Primare D30.2 CD player
Sweden's Primare, founded in the late 1980s by industrial designer Bo Christiansen and electronics whiz Bent Nielsen, has taken the evolutionary approach. Their products have morphed over the years, as has the company itself. They began with the UFO-like, cost-no-object, 200-series separates of the early '90s. Then Christiansen left to found Bow Electronics and Primare merged with Xena/Copland/QLM; the 300-series Primare products that followed were more traditionally packaged, but more advanced electronically. In the late '90s, Primare added audio engineer Michael Bladelius, formerly of Threshold and Pass Labs. In the next generation of Primare products—the 10, 20, and 30 series—Bladelius combined his own design influences with an increased emphasis on cost-effectiveness. Integration, too, became a focus, both of individual pieces into a system and of the entire system into a home environment.
Primare's current products—evolutions of the 10, 20, and 30 series—are stylish, compact, moderately priced, and designed to work as systems. (According to US importer Sumiko, most Primare components are now sold as complete systems.) At $2250, the D30.2 is Primare's most expensive CD player. The other products in the 30 series are similarly priced: $2250 for the A30.1 100Wpc integrated amplifier, and $1995 apiece for the Pre30 preamp and A30.1 two-channel power amp. (In addition to traditional two-channel products, Primare builds multichannel and A/V components that also functionally and stylistically integrate with the two-channel gear.)
Technology: Clean, simple, nicely done
Primare is reluctant to provide much technical detail about their designs, preferring to let their products do the talking, but the basics are pretty standard for a midpriced CD player. They started with "the standard Sony OEM transport," which lacks the luxurious feel of the Philips units but gave designer Michael Bladelius more freedom to optimize his servo circuitry for superior data recovery. Similarly, the well-established Burr-Brown digital filter and DAC chips were chosen as much for the flexibility they afford as for their absolute performance.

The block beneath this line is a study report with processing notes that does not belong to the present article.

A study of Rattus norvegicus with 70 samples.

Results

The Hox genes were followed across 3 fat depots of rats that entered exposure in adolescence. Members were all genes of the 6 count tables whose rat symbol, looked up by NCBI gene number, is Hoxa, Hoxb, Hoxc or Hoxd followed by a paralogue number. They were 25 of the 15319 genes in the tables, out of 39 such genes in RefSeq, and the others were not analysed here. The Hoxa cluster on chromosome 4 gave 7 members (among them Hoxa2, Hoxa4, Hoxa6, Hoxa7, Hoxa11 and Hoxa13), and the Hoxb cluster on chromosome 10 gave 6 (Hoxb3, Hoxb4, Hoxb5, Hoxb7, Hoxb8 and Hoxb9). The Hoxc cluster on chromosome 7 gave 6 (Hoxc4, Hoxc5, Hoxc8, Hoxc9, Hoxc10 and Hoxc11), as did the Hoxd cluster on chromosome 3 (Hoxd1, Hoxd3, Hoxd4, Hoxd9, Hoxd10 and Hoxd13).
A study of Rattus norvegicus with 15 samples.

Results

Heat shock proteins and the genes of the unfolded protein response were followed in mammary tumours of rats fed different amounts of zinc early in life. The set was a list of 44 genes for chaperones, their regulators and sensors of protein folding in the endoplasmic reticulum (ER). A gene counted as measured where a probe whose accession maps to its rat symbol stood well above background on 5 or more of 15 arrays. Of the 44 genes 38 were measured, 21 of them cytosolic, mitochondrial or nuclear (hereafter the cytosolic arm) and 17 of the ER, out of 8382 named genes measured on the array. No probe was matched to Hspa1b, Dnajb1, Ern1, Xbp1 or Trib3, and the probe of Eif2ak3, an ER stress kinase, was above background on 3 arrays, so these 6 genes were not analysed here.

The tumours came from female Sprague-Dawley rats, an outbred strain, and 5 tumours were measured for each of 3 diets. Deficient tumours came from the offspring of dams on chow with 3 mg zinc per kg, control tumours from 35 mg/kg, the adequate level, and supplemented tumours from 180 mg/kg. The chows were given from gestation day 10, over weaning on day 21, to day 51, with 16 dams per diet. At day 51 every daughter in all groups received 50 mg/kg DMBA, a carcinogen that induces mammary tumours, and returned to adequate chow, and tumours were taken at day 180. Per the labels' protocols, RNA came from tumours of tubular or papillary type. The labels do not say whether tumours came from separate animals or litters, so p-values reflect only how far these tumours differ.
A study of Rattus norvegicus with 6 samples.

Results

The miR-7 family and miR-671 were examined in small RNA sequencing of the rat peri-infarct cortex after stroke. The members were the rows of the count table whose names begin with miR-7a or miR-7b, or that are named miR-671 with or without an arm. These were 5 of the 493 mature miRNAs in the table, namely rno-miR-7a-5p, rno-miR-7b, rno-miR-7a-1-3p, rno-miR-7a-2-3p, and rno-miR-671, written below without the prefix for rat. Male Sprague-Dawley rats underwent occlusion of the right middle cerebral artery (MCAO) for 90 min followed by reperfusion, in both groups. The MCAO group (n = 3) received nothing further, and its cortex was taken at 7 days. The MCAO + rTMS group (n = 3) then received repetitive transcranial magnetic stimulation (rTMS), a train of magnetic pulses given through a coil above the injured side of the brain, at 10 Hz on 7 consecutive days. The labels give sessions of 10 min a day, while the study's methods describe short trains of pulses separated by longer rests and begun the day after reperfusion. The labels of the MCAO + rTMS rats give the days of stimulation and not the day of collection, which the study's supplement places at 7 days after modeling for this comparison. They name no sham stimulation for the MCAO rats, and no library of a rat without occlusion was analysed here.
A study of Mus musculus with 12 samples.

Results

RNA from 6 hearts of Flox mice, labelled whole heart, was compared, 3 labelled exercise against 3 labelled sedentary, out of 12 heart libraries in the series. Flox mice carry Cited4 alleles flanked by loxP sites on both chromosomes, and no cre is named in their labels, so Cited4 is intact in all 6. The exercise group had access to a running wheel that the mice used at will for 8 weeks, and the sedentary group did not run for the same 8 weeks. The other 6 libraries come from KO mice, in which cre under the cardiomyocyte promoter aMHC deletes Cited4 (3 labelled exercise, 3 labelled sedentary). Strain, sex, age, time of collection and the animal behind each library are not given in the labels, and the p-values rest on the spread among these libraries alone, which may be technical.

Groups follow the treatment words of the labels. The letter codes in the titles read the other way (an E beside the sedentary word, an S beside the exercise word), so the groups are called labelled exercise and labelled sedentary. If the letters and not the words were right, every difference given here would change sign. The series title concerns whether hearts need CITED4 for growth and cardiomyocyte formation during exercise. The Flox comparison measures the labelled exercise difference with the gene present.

From the DAC onward, the Primare is fully balanced, with such nice touches as 13 heavily regulated power supplies, and the packaging of the display and its associated grunge between the faceplate and the true inner chassis. However, according to Sumiko's Primare expert, Terry Medalen, there's no magic. In fact, no single design ethic or approach has been followed. "ICs, large discrete components, surface-mount passives...they use it all, wherever it makes sense. The components and parts are carefully picked, but Primare's not tied to any particular technology....It's whatever will give them the sound they want, along with manufacturing ease and stability."
The D30.2's user interface is straightforward, the player's functions accessible through front-panel buttons or the remote control—although the latter is cluttered with buttons that control other Primare components. The D30.2 lacks the vast array of features and I/O interfaces of the Cary 303/200 player (which I reviewed in the May issue), but the basics are there: unbalanced and balanced outputs, a single S/PDIF digital input, and a removable power cord. The rear panel also has a toggle switch labeled Fixed Power; turned on, it keeps the D30.2's analog circuits powered up and warm.
The D30.2 performed flawlessly throughout the review period, during which I alternated between using it to drive my standard reference system and in a stripped-down, hotrod setup, with the D30.2 driving the amplifiers through Placette Audio's Remote Volume Control (see review elsewhere in this issue). Mechanically isolating the Primare improved its focus and detail resolution, so I sandwiched it between Immedia's SSC feet and Finite Elemente's Cera-ball supports and a Bright Star Little Rock.